A monk told Joshu, “I have just entered the monastery. Please teach me.”
Joshu asked, “Have you eaten your rice porridge?
The monk replied, “I have eaten.”
Joshu said, “Then you had better wash your bowl.”
At that moment the monk was enlightened.
One night, I used a plate and a bowl for dinner. The next morning, they were still sitting on the counter. As I was about to leave, I realized: I should wash these. As I was rinsing the bowl, I remembered this story.
Leo Babauta says about it:
“There is something profound and yet minimalist about this advice. It’s: don’t get your head caught up in all this thinking about the meaning of life … instead, just do. Just wash your bowl. And in the washing, you’ll find all you need.”
When I decided to clean my bowl, I thought it was a small gesture. A sign of tidiness. But when I did it, I found out something more: it’s enough. All I need to do is wash this bowl right now. Nothing more, nothing less.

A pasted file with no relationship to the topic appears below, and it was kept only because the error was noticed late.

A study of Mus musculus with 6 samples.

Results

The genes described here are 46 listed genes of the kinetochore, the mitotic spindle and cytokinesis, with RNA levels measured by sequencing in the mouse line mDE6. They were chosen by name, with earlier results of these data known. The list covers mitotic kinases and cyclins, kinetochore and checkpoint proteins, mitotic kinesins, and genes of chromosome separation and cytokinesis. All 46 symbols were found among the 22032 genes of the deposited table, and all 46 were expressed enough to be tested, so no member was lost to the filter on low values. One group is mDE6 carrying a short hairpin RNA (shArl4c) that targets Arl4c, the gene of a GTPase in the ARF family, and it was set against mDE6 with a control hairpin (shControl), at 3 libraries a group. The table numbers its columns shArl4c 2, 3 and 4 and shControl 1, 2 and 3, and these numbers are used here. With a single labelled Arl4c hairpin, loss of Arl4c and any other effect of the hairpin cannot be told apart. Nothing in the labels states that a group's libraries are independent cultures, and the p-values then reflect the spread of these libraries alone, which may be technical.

I think that’s why I like doing dishes. It’s satisfying. Mindful. There’s the water, the scrubbing, and you always get an immediate result. Then, it’s on to the next item. Nothing more, nothing less.
We can transfer this to all our activities. Folding laundry. Sending an email. Getting coffee for a friend. Most tasks are small. So just…be there. And life will be fine.
Are you done eating?
Then you had better wash your bowl.
About Monday Zen: Most people hate Monday. Why? In a good life, it’s a day like any other. At the very least, it shouldn’t be worse by default. That’s what Monday Zen is for: To make sure you start the week with calm, poise, and determination.
Let’s not derail our trains of thought before they leave the station. Let’s enjoy the journey.